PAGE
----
MANHATTAN — Plans to transform the former St. Vincent's Hospital site into luxury homes, emergency medical facilities, a public park and retail space got a boost on Friday, when Manhattan Borough President Scott Stringer issued a statement of conditional support for the project.
Stringer said in this latest step of the Department of City Planning's land use review procedure that Rudin Management's plans to redevelop the central Greenwich Village land would preserve neighborhood character, create new open space and boost the economy.
"The redevelopment of the hospital campus has the potential to provide benefits to the local community and broader public," Stringer said in his recommendations, adding that while the closing of St. Vincent's in April 2010 left "an unmistakable void" in health services for Village residents, no sound alternative for a full-service hospital has been proposed.
"Unfortunately, to date, no one has come forward with a financially viable proposal that can meet all of the community's health care needs," Stringer said, adding that the state Health Department should evaluate the needs of the community.
This approval follows a nearly unanimous Oct. 20 vote against the project by Community Board 2, which expressed concerns about neighborhood density, increased traffic and construction noise.
Stringer's support is conditional on commitments Rudin recently made regarding multiple project modifications.
The borough president said Rudin should expand the size of the proposed St. Vincent's Triangle Park by removing gas storage facilities on its western end. He also wants developers to include a memorial element in the park, along the lines of the Queer History Alliance's proposal for an AIDS memorial park.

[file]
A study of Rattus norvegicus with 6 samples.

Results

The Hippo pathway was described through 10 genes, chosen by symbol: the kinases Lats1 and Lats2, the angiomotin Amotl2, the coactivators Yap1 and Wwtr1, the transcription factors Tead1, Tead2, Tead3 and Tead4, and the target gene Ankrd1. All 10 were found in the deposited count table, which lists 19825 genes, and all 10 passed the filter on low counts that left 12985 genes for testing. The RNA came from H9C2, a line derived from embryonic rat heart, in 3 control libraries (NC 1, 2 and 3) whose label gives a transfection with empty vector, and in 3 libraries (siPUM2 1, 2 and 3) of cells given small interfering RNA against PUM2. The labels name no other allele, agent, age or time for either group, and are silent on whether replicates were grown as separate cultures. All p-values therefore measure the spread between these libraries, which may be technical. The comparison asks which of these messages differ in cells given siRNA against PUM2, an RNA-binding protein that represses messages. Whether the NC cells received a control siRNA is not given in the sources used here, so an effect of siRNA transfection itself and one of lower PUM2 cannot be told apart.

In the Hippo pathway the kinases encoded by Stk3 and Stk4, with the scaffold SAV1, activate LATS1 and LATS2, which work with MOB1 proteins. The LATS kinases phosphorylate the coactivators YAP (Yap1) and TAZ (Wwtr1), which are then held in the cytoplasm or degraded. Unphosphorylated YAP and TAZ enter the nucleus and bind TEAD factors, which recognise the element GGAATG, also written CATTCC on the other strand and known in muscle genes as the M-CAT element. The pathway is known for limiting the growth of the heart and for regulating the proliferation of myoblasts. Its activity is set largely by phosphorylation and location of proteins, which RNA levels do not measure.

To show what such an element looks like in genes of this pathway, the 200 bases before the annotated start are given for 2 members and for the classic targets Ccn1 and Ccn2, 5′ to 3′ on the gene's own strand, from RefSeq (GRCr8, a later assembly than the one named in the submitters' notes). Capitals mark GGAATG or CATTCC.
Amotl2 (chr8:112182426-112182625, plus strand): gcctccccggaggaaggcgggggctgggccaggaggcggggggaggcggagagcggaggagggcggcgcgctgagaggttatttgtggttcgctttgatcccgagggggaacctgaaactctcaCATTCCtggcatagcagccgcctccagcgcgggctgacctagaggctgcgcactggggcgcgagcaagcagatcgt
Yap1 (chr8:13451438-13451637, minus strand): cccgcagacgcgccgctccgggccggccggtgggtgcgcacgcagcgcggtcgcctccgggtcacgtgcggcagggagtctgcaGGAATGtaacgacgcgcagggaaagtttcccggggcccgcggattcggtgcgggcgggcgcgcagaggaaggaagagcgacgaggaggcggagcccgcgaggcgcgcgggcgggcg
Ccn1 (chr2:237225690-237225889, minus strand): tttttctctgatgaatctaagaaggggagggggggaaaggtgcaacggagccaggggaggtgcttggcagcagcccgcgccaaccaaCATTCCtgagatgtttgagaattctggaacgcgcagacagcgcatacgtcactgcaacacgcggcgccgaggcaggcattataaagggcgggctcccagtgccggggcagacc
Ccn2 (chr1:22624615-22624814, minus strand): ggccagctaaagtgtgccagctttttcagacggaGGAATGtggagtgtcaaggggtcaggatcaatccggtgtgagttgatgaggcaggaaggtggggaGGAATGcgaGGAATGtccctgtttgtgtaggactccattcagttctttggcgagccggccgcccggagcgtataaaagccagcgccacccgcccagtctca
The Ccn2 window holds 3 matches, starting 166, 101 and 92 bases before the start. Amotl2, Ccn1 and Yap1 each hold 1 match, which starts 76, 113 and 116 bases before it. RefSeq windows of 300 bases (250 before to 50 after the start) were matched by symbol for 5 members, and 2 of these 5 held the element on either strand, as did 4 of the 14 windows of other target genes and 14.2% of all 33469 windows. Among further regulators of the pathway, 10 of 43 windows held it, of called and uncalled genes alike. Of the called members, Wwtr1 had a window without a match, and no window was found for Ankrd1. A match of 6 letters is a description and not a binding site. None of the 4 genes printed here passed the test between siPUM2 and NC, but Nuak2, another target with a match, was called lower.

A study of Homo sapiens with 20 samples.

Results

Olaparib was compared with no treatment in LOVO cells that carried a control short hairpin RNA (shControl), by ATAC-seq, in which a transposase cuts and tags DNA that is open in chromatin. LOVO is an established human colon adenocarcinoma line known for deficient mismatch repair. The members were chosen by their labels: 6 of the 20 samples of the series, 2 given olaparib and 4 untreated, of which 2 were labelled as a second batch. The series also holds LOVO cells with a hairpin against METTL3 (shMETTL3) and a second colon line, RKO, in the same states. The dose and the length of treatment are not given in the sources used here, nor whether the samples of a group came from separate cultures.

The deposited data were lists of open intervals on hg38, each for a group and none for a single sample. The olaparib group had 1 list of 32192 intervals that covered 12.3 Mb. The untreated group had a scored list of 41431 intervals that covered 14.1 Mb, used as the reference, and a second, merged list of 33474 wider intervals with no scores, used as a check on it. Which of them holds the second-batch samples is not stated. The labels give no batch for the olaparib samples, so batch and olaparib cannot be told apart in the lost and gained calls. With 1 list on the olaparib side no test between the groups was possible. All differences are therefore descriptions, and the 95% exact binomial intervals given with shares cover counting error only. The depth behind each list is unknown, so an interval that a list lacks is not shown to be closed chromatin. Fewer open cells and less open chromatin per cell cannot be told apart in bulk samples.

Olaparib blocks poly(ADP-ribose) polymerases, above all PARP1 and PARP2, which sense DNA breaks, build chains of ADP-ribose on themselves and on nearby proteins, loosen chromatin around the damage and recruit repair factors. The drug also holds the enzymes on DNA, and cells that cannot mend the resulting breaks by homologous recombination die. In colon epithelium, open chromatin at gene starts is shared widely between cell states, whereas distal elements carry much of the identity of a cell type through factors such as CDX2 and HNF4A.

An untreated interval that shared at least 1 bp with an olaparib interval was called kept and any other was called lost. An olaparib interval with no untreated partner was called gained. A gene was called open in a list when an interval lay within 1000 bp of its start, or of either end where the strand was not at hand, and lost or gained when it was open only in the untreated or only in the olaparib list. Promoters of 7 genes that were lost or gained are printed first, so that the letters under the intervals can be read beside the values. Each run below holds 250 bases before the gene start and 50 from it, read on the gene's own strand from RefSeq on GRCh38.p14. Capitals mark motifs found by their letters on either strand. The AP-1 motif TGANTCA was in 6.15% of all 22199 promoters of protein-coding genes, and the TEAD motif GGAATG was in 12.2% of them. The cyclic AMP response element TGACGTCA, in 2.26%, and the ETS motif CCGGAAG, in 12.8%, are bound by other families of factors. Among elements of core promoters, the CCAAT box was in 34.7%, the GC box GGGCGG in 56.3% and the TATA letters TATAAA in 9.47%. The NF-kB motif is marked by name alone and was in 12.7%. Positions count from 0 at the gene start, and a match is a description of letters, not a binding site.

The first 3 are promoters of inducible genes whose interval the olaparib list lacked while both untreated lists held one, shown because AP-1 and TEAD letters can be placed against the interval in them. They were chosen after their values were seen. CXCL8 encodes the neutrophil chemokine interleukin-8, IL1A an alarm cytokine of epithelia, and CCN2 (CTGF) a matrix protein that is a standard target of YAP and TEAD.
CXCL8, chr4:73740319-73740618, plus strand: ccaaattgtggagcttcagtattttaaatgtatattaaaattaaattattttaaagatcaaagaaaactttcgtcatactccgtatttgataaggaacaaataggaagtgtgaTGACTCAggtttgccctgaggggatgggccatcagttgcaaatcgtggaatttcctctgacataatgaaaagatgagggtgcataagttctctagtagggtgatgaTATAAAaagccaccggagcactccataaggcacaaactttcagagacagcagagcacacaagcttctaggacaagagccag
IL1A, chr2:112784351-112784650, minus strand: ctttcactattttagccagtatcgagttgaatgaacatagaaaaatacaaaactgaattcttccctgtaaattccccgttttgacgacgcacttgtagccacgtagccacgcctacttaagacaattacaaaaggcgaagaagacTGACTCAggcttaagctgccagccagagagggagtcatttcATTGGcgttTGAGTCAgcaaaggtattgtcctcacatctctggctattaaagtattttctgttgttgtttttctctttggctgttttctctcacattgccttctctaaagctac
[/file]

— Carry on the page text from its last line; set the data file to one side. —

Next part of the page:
CB 2 chair Brad Hoylman expressed gratitude to Stringer for securing these revisions to the development plan.
"[CB2] is glad that [Borough President Stringer] was able to get the air rights extinguished from above the park, which will protect the open space and limit future increases in density in the neighborhood," Hoylman said. "These are important 'wins' for the community."
Tom Gray, executive director of the Greenwich Village-Chelsea Chamber of Commerce, also praised Stringer's decision.
The plan will "create 1,200 quality jobs, 400 permanent jobs, generate new tax revenue for the city and boost local small businesses," he said in a statement. "New York City needs leaders who will stand up to support projects that create jobs and help stimulate our local economies.”
Stringer defended the controversial Lenox Hill Hospital Comprehensive Care Center planned for the site, which the state Health Department approved on Nov. 4.
Critics of the plan, including the Coalition for a New Village Hospital and Hands Off St. Vincent's, call the new facilities inadequate and say people could die in transit to full-service hospitals for conditions the emergency center cannot address.
The center will consist of a 24-hour emergency department, imaging center, ambulatory surgery facility and 24-hour ambulance services.
Rudin Management's plan is next subject to approval by the City Planning Commission and City Council, following multiple additional public hearings.